Bono has a nickname for The Edge - yes, another one. He calls him The Scientist. One glimpse at the U2 guitarist’s effects collection and you can see why. “Whether it’s a Fuzz-Tone or a wah-wah pedal, if it’s really happening it becomes part of the instrument,”
Edge muses. “I don’t think about playing through an effect, I think about playing the whole thing.”
There are numerous vivid FX moments in the U2/Edge canon and, literally, hundreds of pedals at work too. The signature echo/delay riffs of early tracks such as I Will Follow and Pride (In The Name Of Love) relied on Electro-Harmonix’s Memory Man Deluxe (abandoned by the ‘90s “because you can’t program it”), but his FX- driven style bloomed with the breakthrough album The Joshua Tree.
For a typical example of his delay savvy, listen to Where The Streets Have No Name and how the intro’s circular delayed arpeggios (0:14-0:35) build into partial powerchords (0:35-1:17) then keep ﬂickering between styles until the arpeggiated coda (4:21). The licks are simple, but try playing it all in time with that many delayed/echoed notes.
On The Unforgettable Fire, alongside these delay stylings, he used an E-Bow - yet such ‘primitive FX technology was soon superseded by the mysterious Inﬁnite Guitar system (developed by Australian guitarist friend Michael Brook). Hear it on With Or Without You (0:09-1:52). To play it live these days, he’s moved on again – to a guitar with built-in effects, the Fernandes Sustainer.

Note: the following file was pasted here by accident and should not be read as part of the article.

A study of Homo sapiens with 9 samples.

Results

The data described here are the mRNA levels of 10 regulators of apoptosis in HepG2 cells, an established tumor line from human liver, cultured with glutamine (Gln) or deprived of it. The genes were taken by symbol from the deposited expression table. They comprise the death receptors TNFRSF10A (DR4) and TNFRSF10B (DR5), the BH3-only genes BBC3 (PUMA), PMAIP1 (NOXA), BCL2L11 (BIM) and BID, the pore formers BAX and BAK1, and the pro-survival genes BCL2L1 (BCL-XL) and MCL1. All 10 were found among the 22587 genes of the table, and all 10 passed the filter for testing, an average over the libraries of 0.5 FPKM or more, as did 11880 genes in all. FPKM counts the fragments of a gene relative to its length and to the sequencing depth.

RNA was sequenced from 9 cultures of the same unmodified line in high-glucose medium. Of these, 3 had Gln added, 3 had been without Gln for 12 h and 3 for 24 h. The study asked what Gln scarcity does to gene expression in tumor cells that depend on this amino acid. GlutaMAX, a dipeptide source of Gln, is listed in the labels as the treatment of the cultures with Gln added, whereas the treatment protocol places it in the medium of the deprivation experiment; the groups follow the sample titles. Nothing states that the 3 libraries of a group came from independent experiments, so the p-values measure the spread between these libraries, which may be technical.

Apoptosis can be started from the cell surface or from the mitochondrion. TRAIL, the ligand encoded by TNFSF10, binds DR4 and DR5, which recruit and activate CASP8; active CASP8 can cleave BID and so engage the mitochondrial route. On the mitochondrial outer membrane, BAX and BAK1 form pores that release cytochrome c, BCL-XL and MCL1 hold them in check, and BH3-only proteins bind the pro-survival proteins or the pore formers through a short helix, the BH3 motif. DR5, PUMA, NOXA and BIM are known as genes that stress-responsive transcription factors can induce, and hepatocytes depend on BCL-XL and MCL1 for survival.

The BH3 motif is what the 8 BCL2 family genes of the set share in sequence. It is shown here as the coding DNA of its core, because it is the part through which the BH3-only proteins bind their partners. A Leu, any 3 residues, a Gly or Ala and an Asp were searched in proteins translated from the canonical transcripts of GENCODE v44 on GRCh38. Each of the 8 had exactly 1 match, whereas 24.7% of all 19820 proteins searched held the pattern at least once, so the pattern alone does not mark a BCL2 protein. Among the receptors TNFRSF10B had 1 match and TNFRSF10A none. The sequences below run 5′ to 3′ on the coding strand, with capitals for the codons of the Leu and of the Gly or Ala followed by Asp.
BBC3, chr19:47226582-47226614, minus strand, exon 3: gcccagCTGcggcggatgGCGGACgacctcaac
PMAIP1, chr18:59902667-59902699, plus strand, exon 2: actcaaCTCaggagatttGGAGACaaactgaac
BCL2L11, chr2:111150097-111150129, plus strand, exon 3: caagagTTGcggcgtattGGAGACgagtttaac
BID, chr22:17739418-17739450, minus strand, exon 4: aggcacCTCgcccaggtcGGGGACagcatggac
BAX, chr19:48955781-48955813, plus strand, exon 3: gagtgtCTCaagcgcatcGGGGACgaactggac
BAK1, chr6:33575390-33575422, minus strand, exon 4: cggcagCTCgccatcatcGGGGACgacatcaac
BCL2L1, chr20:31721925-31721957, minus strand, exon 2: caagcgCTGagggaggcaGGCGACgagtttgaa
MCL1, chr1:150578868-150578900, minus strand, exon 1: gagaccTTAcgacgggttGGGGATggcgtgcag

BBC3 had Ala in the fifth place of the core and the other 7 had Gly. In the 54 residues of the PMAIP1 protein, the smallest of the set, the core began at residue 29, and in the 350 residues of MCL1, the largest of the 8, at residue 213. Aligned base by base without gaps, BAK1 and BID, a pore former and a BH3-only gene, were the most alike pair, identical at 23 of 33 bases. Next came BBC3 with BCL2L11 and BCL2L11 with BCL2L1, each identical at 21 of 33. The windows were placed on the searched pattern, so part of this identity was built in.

Distortion sounds play a big part too. On the Boy and War albums, Edge stomped on a BOSS SD-1, or for heavier parts, an E-H Big Muff. More recently, it’s become rather less simple. The squalling solo in Until The End Of The World (2:00) is via a BOSS OD-2R; the heavily distorted fuzz/octave passage in Elevation comes from a rare Ampeg Scrambler; the song New York features a Sobbat DB-1 Drive Breaker (kicking in at 2:10, Edge: “That pedal is so extreme - you step on it and all hell breaks loose”); Discotheque employs a Lovetone Big Cheese. For his glassy clean sounds, such as Bad and slide soloing, Edge cleans up with an MXR DynaComp.
On U2’s Vertigo tour, Edge was using the Scrambler, a Big Muff, a TS9 Tube Screamer, the Sobbat Drive Breaker, a DigiTech WH-1 Whammy, a Dunlop Wah and much more, such as a (now rare) BOSS FA-1 FET to boost his Strat output without distortion.
And that’s to say nothing of his rack, which housed: an Eventide Ultra-Harmonizer, two Lexicon PCM processors, two TC 2290 Electronic delays, two Line 6 POD Pros, two AMS S-DMX digital delay/samplers, two Korg SDD3000 delays, two Line 6 DM4 distortion modellers (custom made for him) and even two Korg A3 multi-FX.
Frankly, he needs help… but we sympathise. “I get really excited whenever I ﬁnd a new effect, or a new sound, even a new chord,” Edge says. “Discovery is the fun part.”
Did you know?
If you want a more authentic Edge-like sound, use modulated delay - ie, one with subtle chorus on the delay signal.